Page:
Caroline McKay

February 24, 2021

Four planning ideas that can help further your wealth planning goals

This is the fourth blog in a four-part series that focuses on purposeful planning this year amidst some uncertainty.
Read part 1: 
Is uncertainty preventing you from planning?
Read part 2: Considering whether life insurance fits within your wealth plan
Read part 3: Flexible gifting for possible tax reform

Many individuals accomplished significant wealth planning in 2020 and earlier by making gifts to take advantage of historically high gift and generation-skipping transfer (GST) tax exemptions. If you have already used a significant portion or all of those exemptions, but you would like to make additional transfers, the following are some strategies that could help you achieve your wealth planning goals:
 

1) Gifts

Even if you previously used your gift and GST tax exemptions in 2020 or earlier, you can still make additional gifts outright or in trust using the following types of gifts:

  • 2021 inflation adjustment amount. The gift and GST tax exemption amounts are currently indexed for inflation. For 2021, those exemptions were increased to $11.7 million from $11.58 million in 2020. Accordingly, each individual has an additional $120,000 of gift and GST tax exemption that can be used this year.
  • Annual exclusion gifts. You can make certain gifts up to $15,000 per donee ($30,000 for married couples), which do not count towards your gift or estate tax exemption.
  • Direct payments for tuition and medical expenses. Without using your annual exclusion or gift and GST tax exemptions, you can pay for educational, dental and medical expenses for family members or friends as long as you pay the provider directly.
     

2) Grantor retained annuity trust (GRAT)

A GRAT is an irrevocable trust in which the grantor makes a gift of property in trust while retaining a right to an annual payment (annuity) from the trust for a specified term of years. GRATs can be used for a variety of assets, including concentrated positions and assets expected to appreciate significantly. Key characteristics of this strategy include:

  • The right to the annuity is a retained interest that has a value; this value is subtracted from the full value of the transferred property when determining the taxable amount of the gift.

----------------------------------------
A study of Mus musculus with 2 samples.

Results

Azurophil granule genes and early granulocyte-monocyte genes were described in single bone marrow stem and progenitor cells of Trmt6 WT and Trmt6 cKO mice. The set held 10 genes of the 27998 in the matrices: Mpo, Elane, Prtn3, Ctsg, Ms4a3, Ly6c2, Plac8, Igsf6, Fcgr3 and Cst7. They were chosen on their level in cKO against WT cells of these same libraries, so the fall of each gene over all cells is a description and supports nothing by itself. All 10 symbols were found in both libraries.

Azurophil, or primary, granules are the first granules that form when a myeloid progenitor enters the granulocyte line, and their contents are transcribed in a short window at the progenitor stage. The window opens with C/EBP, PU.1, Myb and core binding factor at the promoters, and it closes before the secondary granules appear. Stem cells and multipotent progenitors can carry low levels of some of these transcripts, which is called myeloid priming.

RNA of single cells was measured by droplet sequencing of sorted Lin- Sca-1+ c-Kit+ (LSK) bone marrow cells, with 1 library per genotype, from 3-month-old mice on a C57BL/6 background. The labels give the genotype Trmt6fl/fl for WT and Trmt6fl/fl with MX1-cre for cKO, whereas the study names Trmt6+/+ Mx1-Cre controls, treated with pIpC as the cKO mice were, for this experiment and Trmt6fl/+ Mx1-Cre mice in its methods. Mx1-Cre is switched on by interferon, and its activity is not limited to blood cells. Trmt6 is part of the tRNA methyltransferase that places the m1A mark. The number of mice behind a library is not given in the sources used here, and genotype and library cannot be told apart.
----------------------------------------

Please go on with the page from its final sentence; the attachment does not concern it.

• If the grantor survives the annuity term, any amount remaining in the trust at the end of the annuity term passes to its beneficiaries without additional gift or estate taxes.
  • If the grantor dies during the annuity term, the entire value of the trust generally will be included in the grantor’s taxable estate as if the GRAT had never been created.

One of the primary benefits of a GRAT is that it can be structured so that the gift tax value is almost zero, meaning that highly appreciating assets can be transferred to the next generation without creating a taxable gift. This can be particularly attractive if you have already exhausted your gift tax exemption. 
 

3) Sale to grantor trust

The sale to grantor trust strategy takes advantage of the significant differences between the income and transfer tax treatment of irrevocable trusts. The goal of this strategy is to transfer anticipated appreciation of assets at a reduced gift tax cost. Key characteristics of this strategy include:

  • In return for the transfer of property, the trust gives the grantor a note, which carries a market rate of interest and usually requires a balloon payment of principal at the end of the note’s term.
  • In most instances, when a trust is a grantor trust, the grantor and the trust are treated as the same taxpayer for income tax purposes, but two separate entities for transfer tax purposes.
  • Because the grantor and trust are the same taxpayer for income tax purposes, neither the sale nor the note payments trigger income tax.
  • When the note is repaid, the grantor has transferred the appreciation with no tax liability.

This strategy may be especially timely for clients who have funded a trust using their gift tax exemption, as this technique typically requires some “seed” funding of the trust prior to a sale.  The ability to lock in current market interest rates, which are still trending very low, also can significantly benefit the overall transaction. 
 

4) Intra-family loans

An individual can make loans to family members at lower rates than commercial lenders without the loan being deemed a gift. Key characteristics of this strategy include:

  • An intra-family loan allows an individual to assist family members financially without incurring additional gift tax.
  • A bona fide creditor relationship, including the payment of interest, is established.
  • Wealth can be shifted if the loan assets are invested by the borrower and earn a higher return than the required interest rate.
  • Interest is paid within the family rather than to a third-party lender.

As interest rates continue to be very low, entering into new intra-family loans or refinancing existing loans for a lower interest rate remains an opportunity for 2021.

These are just a few of the strategies that you may want to consider for achieving your wealth planning goals. It is always important to work with qualified professionals when choosing and implementing your planning, but it is even more important this year as there has been much speculation about whether there may be tax legislation, retroactive or otherwise, that could impact the planning strategies discussed above. For more information on flexible planning in light of possible retroactive tax legislation, read our other Purposeful Planning pieces.  
 

Caroline McKay is a senior wealth strategist with CIBC Private Wealth’s Boston office, and has 13 years of industry experience. In this role, she works closely with relationship managers and clients to develop and implement estate and wealth transfer strategies as part of the firm’s integrated wealth management process.